If you’re looking for sustained dividend growth, the Canadian banks are a great place to start. Despite numerous ups and downs over the past 70 years, none have cut their dividends since World War II.

And among the Canadian banks, Royal Bank of Canada (TSX:RY)(NYSE:RY) is one of the more popular holdings. It’s easy to see why. The bank has become a worldwide leader in the banking industry. It acted responsibly during the financial crisis. It is very well capitalized, and is playing on offence.

But if you’re looking for meaningful dividend growth, there’s a better alternative, and it’s from a company that might surprise you: Canadian Imperial Bank of Commerce (TSX:CM)(NYSE:CM).

The problem with RBC

As mentioned, there are a lot of things to like about RBC. But if you’re looking for dividend growth, there are a couple of things that should concern you.

One is the growth of its Capital Markets business. This is a very volatile business, especially in Europe, and many key functions require a lot of capital to achieve growth. In RBC’s defence, now is a perfect time to make this move. Large European banks like HSBC and UBS have been pulling back, creating a void that RBC has been happy to fill.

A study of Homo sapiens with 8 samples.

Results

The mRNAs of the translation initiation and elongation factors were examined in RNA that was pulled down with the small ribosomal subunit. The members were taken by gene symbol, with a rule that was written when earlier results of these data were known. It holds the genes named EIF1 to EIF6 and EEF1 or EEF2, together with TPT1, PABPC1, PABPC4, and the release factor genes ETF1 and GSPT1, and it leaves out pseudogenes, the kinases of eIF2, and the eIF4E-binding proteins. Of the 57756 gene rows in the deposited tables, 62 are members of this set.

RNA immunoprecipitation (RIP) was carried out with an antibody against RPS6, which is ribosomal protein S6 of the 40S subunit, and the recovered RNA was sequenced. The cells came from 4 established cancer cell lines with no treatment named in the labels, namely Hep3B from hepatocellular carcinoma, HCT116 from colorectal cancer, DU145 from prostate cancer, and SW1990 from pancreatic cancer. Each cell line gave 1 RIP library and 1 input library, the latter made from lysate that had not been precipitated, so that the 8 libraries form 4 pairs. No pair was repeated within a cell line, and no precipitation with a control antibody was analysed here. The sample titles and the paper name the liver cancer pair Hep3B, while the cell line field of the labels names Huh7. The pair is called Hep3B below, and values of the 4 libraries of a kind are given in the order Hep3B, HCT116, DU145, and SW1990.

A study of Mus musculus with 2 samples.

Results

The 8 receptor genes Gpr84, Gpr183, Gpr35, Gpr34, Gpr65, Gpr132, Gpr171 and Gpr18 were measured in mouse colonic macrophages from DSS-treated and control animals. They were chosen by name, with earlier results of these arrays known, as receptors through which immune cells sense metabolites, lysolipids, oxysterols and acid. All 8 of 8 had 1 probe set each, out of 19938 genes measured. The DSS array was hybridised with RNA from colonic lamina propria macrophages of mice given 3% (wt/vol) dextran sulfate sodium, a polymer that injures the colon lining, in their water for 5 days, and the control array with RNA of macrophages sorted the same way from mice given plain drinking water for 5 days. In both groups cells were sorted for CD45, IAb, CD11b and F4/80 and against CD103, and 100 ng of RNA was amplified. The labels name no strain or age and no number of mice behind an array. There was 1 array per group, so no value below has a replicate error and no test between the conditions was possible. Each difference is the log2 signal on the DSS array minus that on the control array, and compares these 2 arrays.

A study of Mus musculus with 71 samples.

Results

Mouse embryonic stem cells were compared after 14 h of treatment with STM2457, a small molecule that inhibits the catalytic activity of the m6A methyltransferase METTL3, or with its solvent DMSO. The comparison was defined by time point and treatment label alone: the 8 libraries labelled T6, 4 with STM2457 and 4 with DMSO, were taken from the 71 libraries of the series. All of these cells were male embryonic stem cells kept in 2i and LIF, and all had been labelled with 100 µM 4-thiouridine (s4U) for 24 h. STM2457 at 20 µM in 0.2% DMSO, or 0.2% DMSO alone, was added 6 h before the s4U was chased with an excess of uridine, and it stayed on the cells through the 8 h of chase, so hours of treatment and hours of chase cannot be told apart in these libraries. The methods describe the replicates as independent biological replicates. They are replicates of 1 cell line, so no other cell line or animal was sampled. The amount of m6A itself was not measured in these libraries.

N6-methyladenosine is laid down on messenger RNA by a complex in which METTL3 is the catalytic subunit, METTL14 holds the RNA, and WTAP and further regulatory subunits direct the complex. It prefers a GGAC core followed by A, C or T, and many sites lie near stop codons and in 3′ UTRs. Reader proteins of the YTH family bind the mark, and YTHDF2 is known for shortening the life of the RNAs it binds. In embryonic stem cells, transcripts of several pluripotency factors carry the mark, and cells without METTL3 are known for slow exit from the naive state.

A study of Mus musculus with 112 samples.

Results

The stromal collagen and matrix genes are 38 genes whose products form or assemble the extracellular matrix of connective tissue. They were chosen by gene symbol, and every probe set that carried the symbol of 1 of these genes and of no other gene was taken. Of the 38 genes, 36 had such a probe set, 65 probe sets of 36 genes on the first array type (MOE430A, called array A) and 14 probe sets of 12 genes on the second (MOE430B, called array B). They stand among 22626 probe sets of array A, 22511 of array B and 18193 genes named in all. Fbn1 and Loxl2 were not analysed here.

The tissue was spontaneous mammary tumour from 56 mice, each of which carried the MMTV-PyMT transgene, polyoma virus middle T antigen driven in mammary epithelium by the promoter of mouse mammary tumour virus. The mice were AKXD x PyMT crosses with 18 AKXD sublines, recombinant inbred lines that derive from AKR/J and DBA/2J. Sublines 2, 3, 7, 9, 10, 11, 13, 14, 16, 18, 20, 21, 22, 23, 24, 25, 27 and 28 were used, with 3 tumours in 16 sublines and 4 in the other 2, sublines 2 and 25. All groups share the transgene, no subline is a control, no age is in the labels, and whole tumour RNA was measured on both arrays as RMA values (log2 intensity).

In the United States though, the story is a little different. The banking industry has been slowly rebounding, and expectations are more optimistic. Thus, when RBC bought City National, a California-based bank known for its Hollywood celebrity clientele, it had to pay full price. The US$5.4 billion paid by RBC amounted to nearly three times tangible book value.

Finally, RBC’s dividend yields just a little less than 4%. That’s not bad by most standards. But it’s not as good as CIBC’s.

Why CIBC is better

To start, CIBC has a dividend yield of 4.6%, easily better than RBC’s. This is mainly because CIBC is cheaper, trading for only 10.5 times adjusted net income. By comparison, RBC trades for over 12 times earnings.

CIBC’s strategy is also more low key, which should make earnings more predictable. The bank has learned from its mistakes in years past, and is glad to hunker down in Canada. More money can thus be devoted to dividends and shareholder buybacks.

The bank is looking for growth in some areas, particularly its U.S. wealth management division. But CEO Victor Dodig has held back on big acquisitions, determined not to overpay for any targets. He affirmed this strategy at the company’s annual general meeting by stating, “I am not an empire builder.”

So, in the years ahead, CIBC could easily devote more of its income to dividends. That should be music to most investors’ ears.